A coronavirus patient and Diamond Princess cruise ship passenger being treated in a San Francisco hospital says he feels perfectly fine


  • He said he feels perfectly fine and isn't experiencing any of the typical symptoms of the virus.
  • He eats three meals a day, he exercises, reads on his Kindle, and keeps up with the news.
  • The patient is one of the hundreds who contracted the virus while onboard the ship and was initially quarantined at Travis Air Force Base 50 miles outside of San Francisco before being transferred to the city.
  • Visit Business Insider's homepage for more stories.

An evacuee from the Diamond Princess cruise ship has tested positive for the coronavirus disease, known as COVID-19, and is being treated in a San Francisco hospital.

But the patient, 62-year-old Rick Wright, told the San Francisco Chronicle that he feels perfectly fine.

The Redwood City resident spoke with the Chronicle's Mallory Moench by phone about his experience aboard the Diamond Princess and his time quarantined at first the Travis Air Force Base in Fairfield, California, about 50 miles to the northeast of San Francisco, and now at UCSF. His wife remains quarantined at the base.

"My wife and I, we remain positive and we're not bitching and moaning, we're accepting it and we have got to get through it, that's how we approach it," Wright told the Chronicle. "We're survivalists. We're fine."

Wright said he hasn't experienced the typical symptoms of the virus, such as fever, coughing, or shortness of breath. The Centers for Disease Control and Prevention (CDC) said these symptoms usually appear within two to 14 days after exposure to the virus. Wright stays in his hospital room at a UCSF campus and receives three good meals a day. He occupies his time with exercising, reading, keeping up with the news, and staying in constant contact with his family, including his wife with whom he FaceTimes.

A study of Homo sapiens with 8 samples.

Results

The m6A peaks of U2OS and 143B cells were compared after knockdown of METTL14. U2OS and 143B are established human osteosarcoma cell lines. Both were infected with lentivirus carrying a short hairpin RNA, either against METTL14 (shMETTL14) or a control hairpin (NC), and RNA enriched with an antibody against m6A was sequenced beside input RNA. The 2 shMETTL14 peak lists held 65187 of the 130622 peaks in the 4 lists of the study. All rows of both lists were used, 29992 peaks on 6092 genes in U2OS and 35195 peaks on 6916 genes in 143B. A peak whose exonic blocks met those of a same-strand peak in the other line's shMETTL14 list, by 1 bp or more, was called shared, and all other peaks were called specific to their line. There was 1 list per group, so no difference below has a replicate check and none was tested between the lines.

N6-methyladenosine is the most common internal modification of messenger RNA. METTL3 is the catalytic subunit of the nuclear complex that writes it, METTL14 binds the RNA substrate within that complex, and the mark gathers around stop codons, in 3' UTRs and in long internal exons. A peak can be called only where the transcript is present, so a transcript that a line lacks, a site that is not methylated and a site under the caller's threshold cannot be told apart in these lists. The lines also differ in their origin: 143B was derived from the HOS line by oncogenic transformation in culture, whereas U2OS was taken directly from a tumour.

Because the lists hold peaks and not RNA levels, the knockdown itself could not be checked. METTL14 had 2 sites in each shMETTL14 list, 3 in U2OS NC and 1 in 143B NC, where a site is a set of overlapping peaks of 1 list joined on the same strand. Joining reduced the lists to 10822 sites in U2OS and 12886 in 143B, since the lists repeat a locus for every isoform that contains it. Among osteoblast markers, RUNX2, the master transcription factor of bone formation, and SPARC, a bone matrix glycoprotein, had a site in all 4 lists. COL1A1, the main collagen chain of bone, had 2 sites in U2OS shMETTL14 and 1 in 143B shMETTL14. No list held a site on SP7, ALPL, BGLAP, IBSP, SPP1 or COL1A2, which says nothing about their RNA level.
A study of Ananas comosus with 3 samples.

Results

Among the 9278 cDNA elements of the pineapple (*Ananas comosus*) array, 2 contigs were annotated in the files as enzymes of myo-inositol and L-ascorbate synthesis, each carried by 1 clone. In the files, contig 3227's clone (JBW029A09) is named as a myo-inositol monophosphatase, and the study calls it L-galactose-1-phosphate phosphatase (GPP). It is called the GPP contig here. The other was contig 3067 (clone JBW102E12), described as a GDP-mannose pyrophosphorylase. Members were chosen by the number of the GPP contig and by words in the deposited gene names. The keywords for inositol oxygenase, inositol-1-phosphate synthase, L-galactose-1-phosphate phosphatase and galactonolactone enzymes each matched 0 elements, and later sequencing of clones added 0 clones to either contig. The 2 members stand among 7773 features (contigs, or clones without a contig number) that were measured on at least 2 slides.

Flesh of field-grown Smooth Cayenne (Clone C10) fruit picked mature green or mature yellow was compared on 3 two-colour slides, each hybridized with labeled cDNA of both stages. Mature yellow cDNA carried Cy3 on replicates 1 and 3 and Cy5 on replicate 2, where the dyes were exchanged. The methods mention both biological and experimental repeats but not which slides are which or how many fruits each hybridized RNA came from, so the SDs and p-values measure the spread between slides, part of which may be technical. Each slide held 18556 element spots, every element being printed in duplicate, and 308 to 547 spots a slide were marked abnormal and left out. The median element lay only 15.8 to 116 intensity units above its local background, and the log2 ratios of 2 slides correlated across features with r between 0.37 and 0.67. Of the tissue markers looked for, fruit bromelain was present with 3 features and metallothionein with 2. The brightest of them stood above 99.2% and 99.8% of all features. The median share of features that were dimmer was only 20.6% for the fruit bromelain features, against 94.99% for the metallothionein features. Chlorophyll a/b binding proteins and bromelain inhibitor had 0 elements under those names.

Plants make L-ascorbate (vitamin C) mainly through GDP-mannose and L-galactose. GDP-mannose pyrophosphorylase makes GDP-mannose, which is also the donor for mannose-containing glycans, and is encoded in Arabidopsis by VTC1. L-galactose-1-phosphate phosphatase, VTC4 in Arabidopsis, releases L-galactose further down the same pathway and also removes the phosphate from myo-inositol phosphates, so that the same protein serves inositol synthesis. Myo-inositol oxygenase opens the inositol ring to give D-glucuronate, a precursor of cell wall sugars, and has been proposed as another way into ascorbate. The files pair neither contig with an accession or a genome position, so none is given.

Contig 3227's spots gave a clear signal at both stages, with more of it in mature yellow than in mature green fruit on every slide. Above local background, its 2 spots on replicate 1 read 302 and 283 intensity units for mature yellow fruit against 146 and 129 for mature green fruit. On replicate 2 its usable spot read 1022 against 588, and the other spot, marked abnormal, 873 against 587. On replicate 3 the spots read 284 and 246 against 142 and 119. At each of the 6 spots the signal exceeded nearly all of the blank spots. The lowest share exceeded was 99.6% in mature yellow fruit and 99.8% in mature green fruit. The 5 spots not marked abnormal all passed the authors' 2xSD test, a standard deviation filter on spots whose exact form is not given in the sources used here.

Wright is one of the hundreds of evacuated Diamond Princess passengers who contracted the coronavirus while onboard the ship in Japan.

diamond princess cruise ship coronavirus


Kim Kyung-Hoon/Reuters

Three days after a man who had exited the ship tested positive for the coronavirus on February 1, Japanese officials locked down the ship. Shortly after, 10 people on board tested positive as well. The entire boat and its 3,711 crew members and guests were then placed under a 14-day quarantine. Passengers were confined to their rooms mostly.

Health experts criticized the decision to keep people quarantined on the ship.

diamond princess disinfection coronavirus


The Asahi Shimbun via Getty Images

"From a virologist's perspective, a cruise ship with a large number of persons on board is more an incubator for viruses rather than a good place for quarantine," Anne Gatignol, a microbiologist who studies viruses at McGill University, told the Montreal Gazette.

Japanese officials just admitted that the quarantine was "flawed," and may have allowed the spread of infections to more passengers and crew members.

By the time passengers left the ship, headed for an additional 14-day quarantine on land, 691 people were infected with the coronavirus.

travis air force base


Hector Amezcua/AP Photo

Source: Business Insider

Some of the infected evacuees were taken to Lackland Air Force Base in San Antonio, Texas. Others, like Wright and his wife, were taken to Travis Air Force Base in Fairfield, California.

travis air force base


Hector Amezcua/AP Photo

Source: The San Francisco Chronicle

Two days after the couple arrived on the base on February 17, CDC staffers donned in hazmat suits told Wright that he had tested positive and was to be transferred to one of the city's UCSF hospital campuses.

travis air force base


Nicholas Pilch/U.S. Air Force via AP

"I was never anticipating anybody coming to my door to say I'm positive," Wright told the Chronicle. "The news came, we cried a little bit, and then I got a little upset. I was more upset at leaving her alone."

He was strapped to a gurney and transferred via ambulance.

Wright told the Chronicle that he has undergone more tests since the positive reading that landed him in the local hospital. He tested negative for one on February 20, then positive for one on February 21. He took two more on Sunday and Monday and depending on those results, he may be able to transition to a home quarantine, something that some 8,400 Californians are doing as the virus continues to spread.